SCOTUS Rules that Title VII Prohibits Discrimination Against LGBTQ People

June is LGBTQ Pride month, which explains the appearance of rainbow flags everywhere. June 12 is the anniversary of the Pulse Night Club massacre where a gunman killed nearly 50 people in a gay night club. Nevertheless, on June 12, 2020, the Trump administration announced that it was finalizing its regulation to exclude protections against health-care discrimination for LGBTQ people. The administration’s rationale is that prohibitions against sex discrimination refer to “biological” sex.

Today the Supreme Court has seriously undercut the administration’s rationale. In Bostock v. Clayton County, No. 17-1618 (U.S. June 15, 2020), the Court held 6-3 that the prohibition against sex discrimination in Title VII covered discrimination on the basis of sexual orientation. Writing for the majority, Justice Gorsuch explained that Title VII prohibits employment discrimination “because of” sex. This is simply “but for” causation, meaning that if an individual’s sex is part of the reason for the adverse act, it is prohibited. So if an employer fires someone because he is attracted to men or because she identifies as a gender different from the one assigned at birth, the employer violates Title VII. Acknowledging that Congress may not have foreseen all the consequences of the words it chose, the Court emphasized that it is the meaning of the words used, not whatever might have been in the minds of the drafters at the time.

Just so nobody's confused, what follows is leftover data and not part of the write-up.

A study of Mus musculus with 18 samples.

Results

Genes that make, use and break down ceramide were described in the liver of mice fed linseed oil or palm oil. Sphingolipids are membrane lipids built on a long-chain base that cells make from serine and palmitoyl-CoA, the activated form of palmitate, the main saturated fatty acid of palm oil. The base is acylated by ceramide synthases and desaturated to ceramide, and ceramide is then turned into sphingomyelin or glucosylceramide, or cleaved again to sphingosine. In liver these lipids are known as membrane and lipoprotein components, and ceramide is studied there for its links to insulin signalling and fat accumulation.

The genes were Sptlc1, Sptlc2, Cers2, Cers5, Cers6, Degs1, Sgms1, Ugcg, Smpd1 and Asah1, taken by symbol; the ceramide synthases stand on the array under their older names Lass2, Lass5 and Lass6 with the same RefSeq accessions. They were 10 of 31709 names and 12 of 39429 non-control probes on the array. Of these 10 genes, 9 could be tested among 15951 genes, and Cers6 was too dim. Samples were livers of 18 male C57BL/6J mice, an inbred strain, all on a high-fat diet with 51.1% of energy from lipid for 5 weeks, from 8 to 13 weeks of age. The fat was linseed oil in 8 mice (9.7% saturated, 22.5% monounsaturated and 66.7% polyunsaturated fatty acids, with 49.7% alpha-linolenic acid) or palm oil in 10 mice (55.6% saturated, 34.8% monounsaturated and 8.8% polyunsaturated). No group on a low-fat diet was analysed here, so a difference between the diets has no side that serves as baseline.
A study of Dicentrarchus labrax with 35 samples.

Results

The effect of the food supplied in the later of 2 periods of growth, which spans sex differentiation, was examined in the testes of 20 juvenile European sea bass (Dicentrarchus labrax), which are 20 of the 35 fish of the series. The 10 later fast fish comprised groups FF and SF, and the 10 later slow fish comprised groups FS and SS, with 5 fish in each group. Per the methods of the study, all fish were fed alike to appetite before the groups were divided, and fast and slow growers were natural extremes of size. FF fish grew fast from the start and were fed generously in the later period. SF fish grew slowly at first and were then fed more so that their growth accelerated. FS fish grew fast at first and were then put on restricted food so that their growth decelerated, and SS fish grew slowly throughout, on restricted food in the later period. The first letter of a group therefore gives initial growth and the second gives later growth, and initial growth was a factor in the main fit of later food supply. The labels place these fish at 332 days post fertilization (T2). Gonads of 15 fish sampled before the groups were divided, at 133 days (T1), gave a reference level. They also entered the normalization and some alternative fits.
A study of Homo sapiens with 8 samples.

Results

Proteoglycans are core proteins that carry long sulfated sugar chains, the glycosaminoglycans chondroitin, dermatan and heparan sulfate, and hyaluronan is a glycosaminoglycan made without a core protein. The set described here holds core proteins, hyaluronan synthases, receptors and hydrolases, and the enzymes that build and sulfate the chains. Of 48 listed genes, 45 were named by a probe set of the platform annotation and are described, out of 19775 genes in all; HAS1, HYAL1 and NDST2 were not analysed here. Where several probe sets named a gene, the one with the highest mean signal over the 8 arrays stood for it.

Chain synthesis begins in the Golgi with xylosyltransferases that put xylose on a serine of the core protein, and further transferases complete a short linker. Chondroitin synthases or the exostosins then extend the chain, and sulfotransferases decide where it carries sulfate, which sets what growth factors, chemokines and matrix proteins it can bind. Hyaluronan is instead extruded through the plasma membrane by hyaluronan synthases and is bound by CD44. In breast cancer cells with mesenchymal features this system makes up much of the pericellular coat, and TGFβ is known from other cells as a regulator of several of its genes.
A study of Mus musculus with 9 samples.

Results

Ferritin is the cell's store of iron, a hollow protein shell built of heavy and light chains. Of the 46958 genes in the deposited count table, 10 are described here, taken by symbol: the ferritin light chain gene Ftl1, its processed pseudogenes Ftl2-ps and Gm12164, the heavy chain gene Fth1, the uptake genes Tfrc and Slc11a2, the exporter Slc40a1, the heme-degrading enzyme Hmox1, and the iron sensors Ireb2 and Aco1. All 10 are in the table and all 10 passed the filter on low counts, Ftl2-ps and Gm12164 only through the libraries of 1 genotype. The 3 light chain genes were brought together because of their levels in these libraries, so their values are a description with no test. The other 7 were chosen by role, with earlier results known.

Justice Alito, joined by Justice Thomas, dissented, accusing the majority of legislating and predicting a parade of horribles that would follow, starting with the use of bathrooms and locker rooms by transgender people. Justice Kavanaugh wrote a separate dissent also accusing the Court of legislating and compiling various cases with a contrary reading.

Although the majority expressly declined to speculate on how Bostock will apply elsewhere, it is fairly clear that the logic will be applied to other settings, such as housing, health care, and Title IX. This is an important decision for civil rights activists.